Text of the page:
I’ve always marveled at how cultures adopt words and phrases from others and use them in either a similar or offbeat way. Recently I learned that loanwords is the act of borrowing and incorporating foreign words into the English language. For example, the word mosquito was adopted from Spanish which translates to “little fly”? But what about industries that apply the same adoption techniques?
I was fortunate to have the classic car culture as a part of my upbringing. My dad and his friends involved me in the building of their rusty beasts, which turned me into a devoted admirer. I developed a penchant for the lines, contours, and especially the dashboards, of these amazing machines.
So it should be no surprise when I first heard the word dashboard used to describe an interface I laughed to myself. “Just because you stylized a few gauges to resemble that of a classic car doesn’t make it a dashboard”. But I thought to myself, “A dashboard is to provide updates regarding vital performance indicators to the user”. So I guess it’s ok.
But then I thought, “where did the word “dashboard” come from”?
Dashboards started because of necessity
Plato‘s “necessity is the mother of invention” quote could not be more relevant in this case. Dashboards date back to when horse-drawn carriages were the primary source of transportation. As the horses would trot down the road, their hoofs would kick up dirt. And depending on their “horsepower”, more or fewer projectiles would be flicked onto those in the carriage.
Someone thought to create a device to protect the passengers from the dirt “dashed up” by the horse’s hooves. Thus the birth of the dashboard. The dashboard was vertical in design and could be made of leather or a wooden plank. It was fitted to the front of the carriage.
The dashboard undergoes a product enhancement
When the “horseless carriage” hit the scene in the late 19th century, the dashboard continued to protect the occupants from debris. However, the shape underwent an enhancement. It was changed to follow the contour of the carriage.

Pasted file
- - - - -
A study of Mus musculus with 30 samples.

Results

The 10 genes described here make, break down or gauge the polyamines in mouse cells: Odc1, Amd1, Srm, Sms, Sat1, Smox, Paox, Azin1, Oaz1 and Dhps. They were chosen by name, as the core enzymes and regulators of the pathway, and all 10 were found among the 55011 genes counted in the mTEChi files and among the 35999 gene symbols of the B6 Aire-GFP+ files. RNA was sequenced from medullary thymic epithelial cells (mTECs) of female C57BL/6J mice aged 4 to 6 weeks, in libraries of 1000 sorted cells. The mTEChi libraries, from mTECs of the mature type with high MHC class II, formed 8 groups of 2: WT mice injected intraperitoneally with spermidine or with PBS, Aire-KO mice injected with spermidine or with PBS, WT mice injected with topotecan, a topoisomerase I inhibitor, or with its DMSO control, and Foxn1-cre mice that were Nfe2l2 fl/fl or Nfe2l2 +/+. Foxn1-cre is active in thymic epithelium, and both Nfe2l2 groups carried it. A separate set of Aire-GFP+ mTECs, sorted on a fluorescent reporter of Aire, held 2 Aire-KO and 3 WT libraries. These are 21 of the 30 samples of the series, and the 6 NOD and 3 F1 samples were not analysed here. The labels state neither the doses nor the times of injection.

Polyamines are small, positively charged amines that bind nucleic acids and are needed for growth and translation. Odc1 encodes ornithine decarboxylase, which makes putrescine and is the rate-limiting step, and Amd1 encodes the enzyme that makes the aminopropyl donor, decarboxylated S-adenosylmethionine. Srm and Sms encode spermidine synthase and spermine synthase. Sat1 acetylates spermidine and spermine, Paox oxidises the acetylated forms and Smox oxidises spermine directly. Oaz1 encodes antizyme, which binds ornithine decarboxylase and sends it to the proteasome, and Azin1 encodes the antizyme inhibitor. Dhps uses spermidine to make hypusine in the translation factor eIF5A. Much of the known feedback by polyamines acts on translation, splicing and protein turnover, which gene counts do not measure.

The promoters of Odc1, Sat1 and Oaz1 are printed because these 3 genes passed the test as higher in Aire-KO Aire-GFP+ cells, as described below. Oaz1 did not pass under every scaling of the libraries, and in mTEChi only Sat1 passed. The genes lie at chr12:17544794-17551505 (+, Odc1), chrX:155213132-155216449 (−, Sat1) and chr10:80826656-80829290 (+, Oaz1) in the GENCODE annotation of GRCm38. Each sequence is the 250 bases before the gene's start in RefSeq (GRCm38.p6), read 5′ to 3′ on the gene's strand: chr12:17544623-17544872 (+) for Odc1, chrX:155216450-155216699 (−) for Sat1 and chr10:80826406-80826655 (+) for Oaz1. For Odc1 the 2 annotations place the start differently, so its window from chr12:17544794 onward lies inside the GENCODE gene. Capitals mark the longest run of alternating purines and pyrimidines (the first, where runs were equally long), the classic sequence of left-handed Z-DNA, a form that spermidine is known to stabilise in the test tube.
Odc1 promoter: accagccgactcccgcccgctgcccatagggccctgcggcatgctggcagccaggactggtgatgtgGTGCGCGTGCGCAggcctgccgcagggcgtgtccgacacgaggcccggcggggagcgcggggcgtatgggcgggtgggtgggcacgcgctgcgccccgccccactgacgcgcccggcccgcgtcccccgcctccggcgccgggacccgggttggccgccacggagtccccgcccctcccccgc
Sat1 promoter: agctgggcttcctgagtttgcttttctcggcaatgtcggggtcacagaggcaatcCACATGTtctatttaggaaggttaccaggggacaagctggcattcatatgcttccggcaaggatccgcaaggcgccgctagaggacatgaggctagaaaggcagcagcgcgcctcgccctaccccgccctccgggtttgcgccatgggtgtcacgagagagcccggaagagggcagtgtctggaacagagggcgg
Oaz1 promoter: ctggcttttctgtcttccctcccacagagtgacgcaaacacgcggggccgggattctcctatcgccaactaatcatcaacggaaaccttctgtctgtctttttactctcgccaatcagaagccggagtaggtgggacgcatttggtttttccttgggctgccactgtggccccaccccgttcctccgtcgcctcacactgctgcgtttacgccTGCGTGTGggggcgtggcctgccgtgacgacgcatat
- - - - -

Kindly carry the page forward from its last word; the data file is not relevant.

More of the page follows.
Notice how Oldsmobile, founded by Ransom E Olds, curved and positioned the dashboard by the feet of the driver. This was to protect the occupants from the wheels “dashing up” dirt and not from hoofs.
Dashboards evolve and saturate the market
As car design evolved so did the position, and purpose, of the dashboard. The dashboard’s new purpose was to protect its occupants from the heat and debris of the engine. And with its new location, it became the perfect real estate for the placement of gauges such as: dials, indicators, and controls. With these new additions to the dashboard a new feature arose, the instrument panel.
Dashboards soon became the norm for displaying any mechanical complexity to a user. Boats, airplanes, locomotives, and other machines were equipped with a ‘dashboard’ to inform the user of what was going on.
Who would have thought we’d have outdoor grilles not only with a dashboard but blue-tooth enabled?
“We need an impressive ‘Dashboard’”
But how did the term dashboard segue into a user interface?
The dashboard has always been an interface, it just wasn’t referenced as such. Referencing the UI as a dashboard is identical to that of an automobile’s dashboard. It’s a central location for operators to monitor major functions at a glance via an instrument panel.
However, the original idea for a digital dashboard was founded through research from decision support systems in the ’70s. The first of which was designed in the ’80s in the form of Executive Information Systems (EISs). But because refreshing and handling of the data were problematic, the approach was deemed unreliable and when into hiatus until the 90s.
Apple’s introduction of the GUI changed the face of computing and brought digital dashboards back from retirement. The need to display real-time vital statistics for users, such as banking or internet speeds (which were a blazing 40–50 kilobits per second), all required a dashboard.
History always finds a way to remain relevant and prominent in my life. It whispers that past methods and protocols which are still relevant to our daily lives. It’s just been packaged in a different way to appeal to the current generation.